CAMBRIDGESHIRE MEP Richard Howitt has warned of a possible fuel shortages in the region after one of the UK’s largest oil refineries enters administration, putting around 1,000 jobs are under threat.

The Coryton refinery in Essex, which supplies 20% of the fuel sold in London and the South East, halted supplies on Monday after the breakdown of talks between its Swiss-based owner Petroplus and the group's lenders.

Refining operations at the plant, which can process 175,000 barrels of crude oil a day, are continuing as normal but it is unclear when supplies from the site might restart.

Accountancy firm PwC confirmed yesterday that it had been appointed as administrator to the UK arm of Petroplus, which includes the Coryton refinery, an oil storage site in Teesside and a research and development site in Swansea.

Mr Howitt told BBC Radio 5 Live the refinery was being dragged down by its parent company.

He said half the jobs were well-paid, highly skilled positions, while the other half were contractors, many of whom have already received their redundancy notices.

He said: "One thousand job losses in Essex will have a devastating impact on the local economy.

"I don't want to be alarmist about this, but I don't want to be dishonest either. Supplies across London and the South East could be affected and I have been told this could impact the Olympics."

PwC said no redundancies had been made at this stage.

Steven Pearson, joint administrator, said: "Our immediate priority is to continue to operate the Coryton refinery and the Teesside storage business without disruption while the financial position is clarified and restructuring options are explored.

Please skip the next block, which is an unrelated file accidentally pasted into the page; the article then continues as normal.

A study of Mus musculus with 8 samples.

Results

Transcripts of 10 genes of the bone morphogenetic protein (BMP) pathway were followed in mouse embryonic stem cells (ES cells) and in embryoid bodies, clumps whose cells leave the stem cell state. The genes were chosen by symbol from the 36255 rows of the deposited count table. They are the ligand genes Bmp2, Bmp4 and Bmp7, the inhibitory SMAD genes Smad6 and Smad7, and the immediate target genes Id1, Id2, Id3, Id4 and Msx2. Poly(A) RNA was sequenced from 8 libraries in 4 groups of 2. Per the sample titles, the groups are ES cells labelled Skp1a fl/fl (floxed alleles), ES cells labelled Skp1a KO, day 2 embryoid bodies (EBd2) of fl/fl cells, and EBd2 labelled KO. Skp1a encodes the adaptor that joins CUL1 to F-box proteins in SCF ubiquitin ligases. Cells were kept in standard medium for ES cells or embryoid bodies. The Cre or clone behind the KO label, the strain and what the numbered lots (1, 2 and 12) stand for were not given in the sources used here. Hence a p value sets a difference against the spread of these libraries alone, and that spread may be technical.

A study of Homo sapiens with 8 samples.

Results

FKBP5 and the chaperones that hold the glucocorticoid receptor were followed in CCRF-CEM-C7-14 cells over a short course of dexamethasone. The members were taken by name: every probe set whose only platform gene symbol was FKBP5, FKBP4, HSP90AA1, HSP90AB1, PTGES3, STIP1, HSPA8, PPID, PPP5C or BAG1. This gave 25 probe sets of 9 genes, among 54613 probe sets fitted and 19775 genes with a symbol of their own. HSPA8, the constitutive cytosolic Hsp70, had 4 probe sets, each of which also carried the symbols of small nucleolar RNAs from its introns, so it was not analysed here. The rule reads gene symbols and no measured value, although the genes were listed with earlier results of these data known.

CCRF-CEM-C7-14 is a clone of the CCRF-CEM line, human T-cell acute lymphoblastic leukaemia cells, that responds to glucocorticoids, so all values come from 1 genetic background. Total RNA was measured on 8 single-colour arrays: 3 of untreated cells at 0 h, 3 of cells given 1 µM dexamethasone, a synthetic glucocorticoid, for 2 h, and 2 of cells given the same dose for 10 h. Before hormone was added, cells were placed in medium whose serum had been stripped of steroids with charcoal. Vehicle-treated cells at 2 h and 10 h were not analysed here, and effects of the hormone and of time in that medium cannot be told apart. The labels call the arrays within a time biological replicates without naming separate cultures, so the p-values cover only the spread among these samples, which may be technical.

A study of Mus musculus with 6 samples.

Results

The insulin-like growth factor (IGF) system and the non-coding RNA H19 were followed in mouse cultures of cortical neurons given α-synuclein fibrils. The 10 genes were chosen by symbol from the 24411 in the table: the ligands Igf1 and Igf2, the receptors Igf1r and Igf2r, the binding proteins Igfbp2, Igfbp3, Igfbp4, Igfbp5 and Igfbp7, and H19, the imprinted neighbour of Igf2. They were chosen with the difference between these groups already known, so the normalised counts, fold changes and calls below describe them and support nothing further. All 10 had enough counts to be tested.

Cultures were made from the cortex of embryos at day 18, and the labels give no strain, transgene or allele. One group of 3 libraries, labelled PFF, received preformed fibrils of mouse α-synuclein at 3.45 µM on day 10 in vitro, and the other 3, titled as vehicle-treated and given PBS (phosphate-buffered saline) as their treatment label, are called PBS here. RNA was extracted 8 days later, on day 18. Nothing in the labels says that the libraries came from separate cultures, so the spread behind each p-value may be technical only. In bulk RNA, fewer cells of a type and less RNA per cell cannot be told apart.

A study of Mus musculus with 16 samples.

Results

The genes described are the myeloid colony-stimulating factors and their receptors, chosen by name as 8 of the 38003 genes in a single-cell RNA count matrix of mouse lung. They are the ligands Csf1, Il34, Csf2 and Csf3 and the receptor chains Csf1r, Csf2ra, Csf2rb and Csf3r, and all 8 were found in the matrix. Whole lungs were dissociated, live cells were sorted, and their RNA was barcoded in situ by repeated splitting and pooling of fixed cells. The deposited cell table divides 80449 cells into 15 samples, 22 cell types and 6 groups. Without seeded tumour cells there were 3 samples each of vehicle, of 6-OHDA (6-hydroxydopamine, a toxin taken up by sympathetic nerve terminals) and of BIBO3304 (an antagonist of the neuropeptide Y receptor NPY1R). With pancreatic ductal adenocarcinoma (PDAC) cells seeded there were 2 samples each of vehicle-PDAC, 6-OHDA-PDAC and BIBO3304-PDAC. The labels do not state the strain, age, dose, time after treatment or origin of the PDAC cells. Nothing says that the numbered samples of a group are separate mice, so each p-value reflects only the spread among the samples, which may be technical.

"Over coming days we intend to commence discussions with a number of parties including customers, employees, the creditors and the Government to secure the future of the Coryton and Teesside sites."

The Coryton plant was acquired by Petroplus in 2007 from BP, which remains its biggest customer. BP said it had no immediate supply issues but it was "watching the situation very closely".

Russ Ball, regional officer of the Unite union, said he was confident the refinery was viable but warned that deliveries to filling stations could be affected "pretty soon".

However, a Department of Energy and Climate Change spokesman said: "We understand that a process is under way to put in place the necessary commercial arrangements to deliver product into the market.

"Companies have already made alternative arrangements to ensure adequate supply of products are available while these commercial arrangements are being put in place."

Petroplus reported a net loss of 413million US dollars (£265million) in the first nine months of last year, while in December its banks withdrew a 1.05billion US dollar (£675million) portion of its 2.01billion US dollar (£1.29billion) credit facility.

Besides petrol and diesel, the site also produces aviation fuels, liquefied petroleum gas (LPG), fuel oils and bitumen.

A group of European parliamentarians including East of England MEP Richard Howitt have been meeting to discuss ways to save jobs at Petroplus, which also has facilities in France, Germany, Belgium and Switzerland.

The other main supplier for the South East and London is the Exxon Mobil refinery in Fawley, near Southampton.

There are also six other refineries in the UK, at South Killingholme and Lindsey, both in North Lincolnshire; Grangemouth, near Falkirk; Stanlow in Cheshire; and Milford Haven and Pembroke, both in Pembrokeshire.

The refining market has come under pressure in recent years as operating expenses and the cost of crude oil surge at a greater rate than the value of the products.

And the market has become tougher still as the economic downturn in Europe has hit demand for transport fuels and competition has grown from the refineries in Asia.